The relation of Laplace distribution prior with median (or L1 norm) was found by Laplace himself, who found that using such prior you estimate median rather than mean as with Normal distribution (see Stingler, 1986 or Wikipedia). This means that regression with Laplace errors distribution estimates the median (like e.g. quantile regression), while Normal errors refer to OLS estimate.
The robust priors you asked about were described also by Tibshirani (1996) who noticed that robust Lasso regression in Bayesian setting is equivalent to using Laplace prior. Such prior for coefficients are centered around zero (with centered variables) and has wide tails - so most regression coefficients estimated using it end up being exactly zero. This is clear if you look closely at the picture below, Laplace distribution has a peak around zero (there is a greater distribution mass), while Normal distribution is more diffuse around zero, so non-zero values have greater probability mass. Other possibilities for robust priors are Cauchy or $t$- distributions.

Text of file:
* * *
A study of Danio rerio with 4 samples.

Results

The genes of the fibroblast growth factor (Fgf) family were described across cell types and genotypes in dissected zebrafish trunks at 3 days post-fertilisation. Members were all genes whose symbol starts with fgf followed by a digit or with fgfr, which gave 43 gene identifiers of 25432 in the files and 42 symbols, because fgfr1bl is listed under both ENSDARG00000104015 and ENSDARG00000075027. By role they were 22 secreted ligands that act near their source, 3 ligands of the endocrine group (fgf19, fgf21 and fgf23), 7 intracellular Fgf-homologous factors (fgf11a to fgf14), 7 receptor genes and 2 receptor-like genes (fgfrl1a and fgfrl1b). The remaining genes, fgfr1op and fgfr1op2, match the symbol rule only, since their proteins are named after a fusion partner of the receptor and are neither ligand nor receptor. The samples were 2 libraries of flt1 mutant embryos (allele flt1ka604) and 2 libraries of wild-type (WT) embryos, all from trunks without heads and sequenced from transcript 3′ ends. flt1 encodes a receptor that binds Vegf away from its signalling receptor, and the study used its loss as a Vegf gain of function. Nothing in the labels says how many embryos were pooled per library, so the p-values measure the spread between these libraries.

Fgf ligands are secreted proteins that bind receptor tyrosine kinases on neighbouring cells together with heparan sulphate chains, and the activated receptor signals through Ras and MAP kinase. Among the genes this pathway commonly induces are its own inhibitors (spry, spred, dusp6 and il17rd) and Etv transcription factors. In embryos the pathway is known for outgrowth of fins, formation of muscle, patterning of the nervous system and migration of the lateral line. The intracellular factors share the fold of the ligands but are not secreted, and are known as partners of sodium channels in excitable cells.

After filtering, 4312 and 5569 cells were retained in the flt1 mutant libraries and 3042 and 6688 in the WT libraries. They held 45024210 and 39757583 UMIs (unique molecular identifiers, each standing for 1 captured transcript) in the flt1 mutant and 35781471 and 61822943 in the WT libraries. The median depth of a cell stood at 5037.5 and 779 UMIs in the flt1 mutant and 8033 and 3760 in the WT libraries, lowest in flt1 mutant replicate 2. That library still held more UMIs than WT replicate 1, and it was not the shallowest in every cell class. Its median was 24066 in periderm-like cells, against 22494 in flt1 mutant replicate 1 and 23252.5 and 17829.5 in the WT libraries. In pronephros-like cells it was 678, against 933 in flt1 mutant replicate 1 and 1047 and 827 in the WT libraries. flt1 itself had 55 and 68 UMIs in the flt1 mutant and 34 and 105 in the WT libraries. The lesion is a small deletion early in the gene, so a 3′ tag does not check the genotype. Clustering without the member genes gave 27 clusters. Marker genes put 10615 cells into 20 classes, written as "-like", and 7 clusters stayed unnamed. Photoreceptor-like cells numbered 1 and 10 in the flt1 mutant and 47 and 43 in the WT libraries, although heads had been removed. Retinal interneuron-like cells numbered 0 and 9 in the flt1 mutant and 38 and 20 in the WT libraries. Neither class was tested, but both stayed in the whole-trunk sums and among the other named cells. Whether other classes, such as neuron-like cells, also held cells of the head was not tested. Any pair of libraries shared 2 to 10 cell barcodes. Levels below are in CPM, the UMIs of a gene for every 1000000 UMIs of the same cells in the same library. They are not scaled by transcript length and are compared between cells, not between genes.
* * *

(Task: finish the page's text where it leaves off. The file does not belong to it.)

Using such priors you are more prone to end up with many zero-valued coefficients, some moderate-sized and some large-sized (long tail), while with Normal prior you get more moderate-sized coefficients that are rather not exactly zero, but also not that far from zero.
(image source Tibshirani, 1996)
Stigler, S.M. (1986). The History of Statistics: The Measurement of Uncertainty Before 1900. Cambridge, MA: Belknap Press of Harvard University Press.
Tibshirani, R. (1996). Regression shrinkage and selection via the lasso. Journal of the Royal Statistical Society. Series B (Methodological), 267-288.
Gelman, A., Jakulin, A., Pittau, G.M., and Su, Y.-S. (2008). A weakly informative default prior distribution for logistic and other regression models. The Annals of Applied Statistics, 2(4), 1360-1383.
Norton, R.M. (1984). The Double Exponential Distribution: Using Calculus to Find a Maximum Likelihood Estimator. The American Statistician, 38(2): 135-136.